Seals made up as much 80 percent of the Viking diet in Greenland, new analyses of Norse skeletons reveal. The finds suggest that the settlers' mysterious disappearance from Greenland 500 years ago was hardly due to an inability to adjust to the icy environment.
"Even though the Norse are traditionally thought of as farmers, they adapted quickly to the Arctic environment and the unique hunting opportunities," explained researcher Jan Heinemeier of Aarhus University in a statement. "During the period they were in Greenland, the Norse ate gradually more seals."
Through analyses of the carbon isotope ratios in bone samples from 80 Norse skeletons, the researchers determined that a large proportion of the Vikings' diet came from seafood, with seals making up between 50 and 80 percent by the 14th century.
The first Norse transplants brought farming and domestic animals such as cattle, sheep, goats and pigs from Iceland to Greenland. But the new findings challenge the view that these settlers stuck to this lifestyle until increasingly harsh conditions, and possibly a "Little Ice Age," drove them to starve or settle elsewhere.
Another researcher involved in the project, Jette Arneborg, curator at the National Museum of Denmark, said archaeological evidence shows that the Vikings kept fewer and fewer animals over time.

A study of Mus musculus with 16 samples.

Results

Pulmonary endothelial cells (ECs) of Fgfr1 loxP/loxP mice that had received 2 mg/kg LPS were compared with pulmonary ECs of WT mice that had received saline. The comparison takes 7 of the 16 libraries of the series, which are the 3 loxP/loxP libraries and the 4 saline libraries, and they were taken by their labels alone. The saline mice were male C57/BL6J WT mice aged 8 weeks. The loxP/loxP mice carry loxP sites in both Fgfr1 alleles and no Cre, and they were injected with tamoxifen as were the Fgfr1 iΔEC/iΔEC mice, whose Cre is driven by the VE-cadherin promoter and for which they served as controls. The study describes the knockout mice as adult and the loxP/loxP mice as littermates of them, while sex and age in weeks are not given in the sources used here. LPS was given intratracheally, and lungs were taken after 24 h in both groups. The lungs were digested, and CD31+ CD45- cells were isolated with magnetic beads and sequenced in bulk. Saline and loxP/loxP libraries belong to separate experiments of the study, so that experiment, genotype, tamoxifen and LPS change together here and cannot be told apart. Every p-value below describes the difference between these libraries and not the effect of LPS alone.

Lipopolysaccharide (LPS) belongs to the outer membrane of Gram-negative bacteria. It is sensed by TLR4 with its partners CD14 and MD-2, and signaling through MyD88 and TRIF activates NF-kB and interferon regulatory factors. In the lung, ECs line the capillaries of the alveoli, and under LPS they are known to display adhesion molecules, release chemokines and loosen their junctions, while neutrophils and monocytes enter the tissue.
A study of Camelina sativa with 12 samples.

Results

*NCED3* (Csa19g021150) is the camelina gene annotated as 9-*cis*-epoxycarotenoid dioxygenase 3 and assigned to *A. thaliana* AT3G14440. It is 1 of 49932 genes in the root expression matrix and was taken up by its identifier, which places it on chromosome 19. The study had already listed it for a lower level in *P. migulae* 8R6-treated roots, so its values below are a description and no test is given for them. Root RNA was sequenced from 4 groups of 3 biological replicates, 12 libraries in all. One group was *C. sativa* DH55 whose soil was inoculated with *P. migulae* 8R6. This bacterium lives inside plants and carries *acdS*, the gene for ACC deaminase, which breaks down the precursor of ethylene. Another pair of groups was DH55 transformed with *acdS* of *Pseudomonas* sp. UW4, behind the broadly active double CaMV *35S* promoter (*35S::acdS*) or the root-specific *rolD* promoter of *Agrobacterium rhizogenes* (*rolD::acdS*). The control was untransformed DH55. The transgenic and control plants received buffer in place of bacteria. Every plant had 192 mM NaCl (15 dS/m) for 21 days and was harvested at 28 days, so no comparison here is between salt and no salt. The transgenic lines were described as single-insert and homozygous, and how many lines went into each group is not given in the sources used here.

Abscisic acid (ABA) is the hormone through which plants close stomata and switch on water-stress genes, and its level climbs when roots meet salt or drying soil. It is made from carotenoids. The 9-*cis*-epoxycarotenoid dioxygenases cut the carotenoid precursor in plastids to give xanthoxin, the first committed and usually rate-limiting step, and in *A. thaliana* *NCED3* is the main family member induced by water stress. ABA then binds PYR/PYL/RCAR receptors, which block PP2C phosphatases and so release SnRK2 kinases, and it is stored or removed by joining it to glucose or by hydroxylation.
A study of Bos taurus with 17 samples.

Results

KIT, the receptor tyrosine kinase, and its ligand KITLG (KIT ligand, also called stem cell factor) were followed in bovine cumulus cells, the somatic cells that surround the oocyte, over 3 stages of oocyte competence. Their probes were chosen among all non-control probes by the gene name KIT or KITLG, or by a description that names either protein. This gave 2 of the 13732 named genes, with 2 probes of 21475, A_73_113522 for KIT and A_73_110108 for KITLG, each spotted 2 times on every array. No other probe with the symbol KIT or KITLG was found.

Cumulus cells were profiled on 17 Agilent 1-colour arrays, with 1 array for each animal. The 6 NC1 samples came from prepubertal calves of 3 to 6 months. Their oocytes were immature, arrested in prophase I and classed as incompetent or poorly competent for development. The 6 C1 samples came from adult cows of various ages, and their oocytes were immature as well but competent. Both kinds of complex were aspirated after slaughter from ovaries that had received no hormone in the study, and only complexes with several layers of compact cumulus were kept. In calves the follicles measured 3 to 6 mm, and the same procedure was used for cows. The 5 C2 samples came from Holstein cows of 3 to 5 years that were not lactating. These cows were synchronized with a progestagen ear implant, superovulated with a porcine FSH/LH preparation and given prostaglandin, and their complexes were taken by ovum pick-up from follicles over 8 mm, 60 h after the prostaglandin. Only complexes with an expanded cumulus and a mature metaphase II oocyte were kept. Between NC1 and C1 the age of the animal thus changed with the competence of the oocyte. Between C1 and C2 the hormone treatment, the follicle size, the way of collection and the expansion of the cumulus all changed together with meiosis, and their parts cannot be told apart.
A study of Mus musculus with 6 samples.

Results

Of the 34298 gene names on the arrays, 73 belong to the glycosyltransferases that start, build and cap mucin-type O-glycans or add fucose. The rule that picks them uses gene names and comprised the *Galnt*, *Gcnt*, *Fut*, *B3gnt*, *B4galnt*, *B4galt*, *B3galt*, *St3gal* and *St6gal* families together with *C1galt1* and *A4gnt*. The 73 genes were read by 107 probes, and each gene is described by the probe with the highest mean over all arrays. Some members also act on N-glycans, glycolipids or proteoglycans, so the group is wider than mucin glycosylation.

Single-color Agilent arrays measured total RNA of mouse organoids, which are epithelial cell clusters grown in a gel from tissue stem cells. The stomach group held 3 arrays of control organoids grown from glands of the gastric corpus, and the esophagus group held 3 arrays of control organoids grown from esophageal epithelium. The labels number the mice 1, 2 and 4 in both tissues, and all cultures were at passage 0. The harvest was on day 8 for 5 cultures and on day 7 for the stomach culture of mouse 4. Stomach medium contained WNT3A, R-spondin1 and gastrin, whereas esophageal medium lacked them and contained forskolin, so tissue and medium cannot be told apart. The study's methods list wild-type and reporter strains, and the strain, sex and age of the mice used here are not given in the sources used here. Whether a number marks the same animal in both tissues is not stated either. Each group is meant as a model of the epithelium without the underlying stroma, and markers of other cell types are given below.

"So the farming identity was actually more a mental self-image ... than it was a reality for ordinary people that were hardly picky eaters," Arneborg said in a statement.
The skeletal evidence also shows signs that the settlers slowly left Greenland. Fewer and fewer young women are found in the graves from the period toward the end of the Norse settlement, for example.
"This indicates that the young in particular were leaving Greenland, and when the numbers of fertile women drops, the population cannot support itself," said Niels Lynnerup, of the University of Copenhagen.
"Nothing suggests that the Norse disappeared as a result of a natural disaster. If anything they might have become bored with eating seals out on the edge of the world."
The research appears in a series of articles in the Journal of the North Atlantic, Special Volume 3, 2012.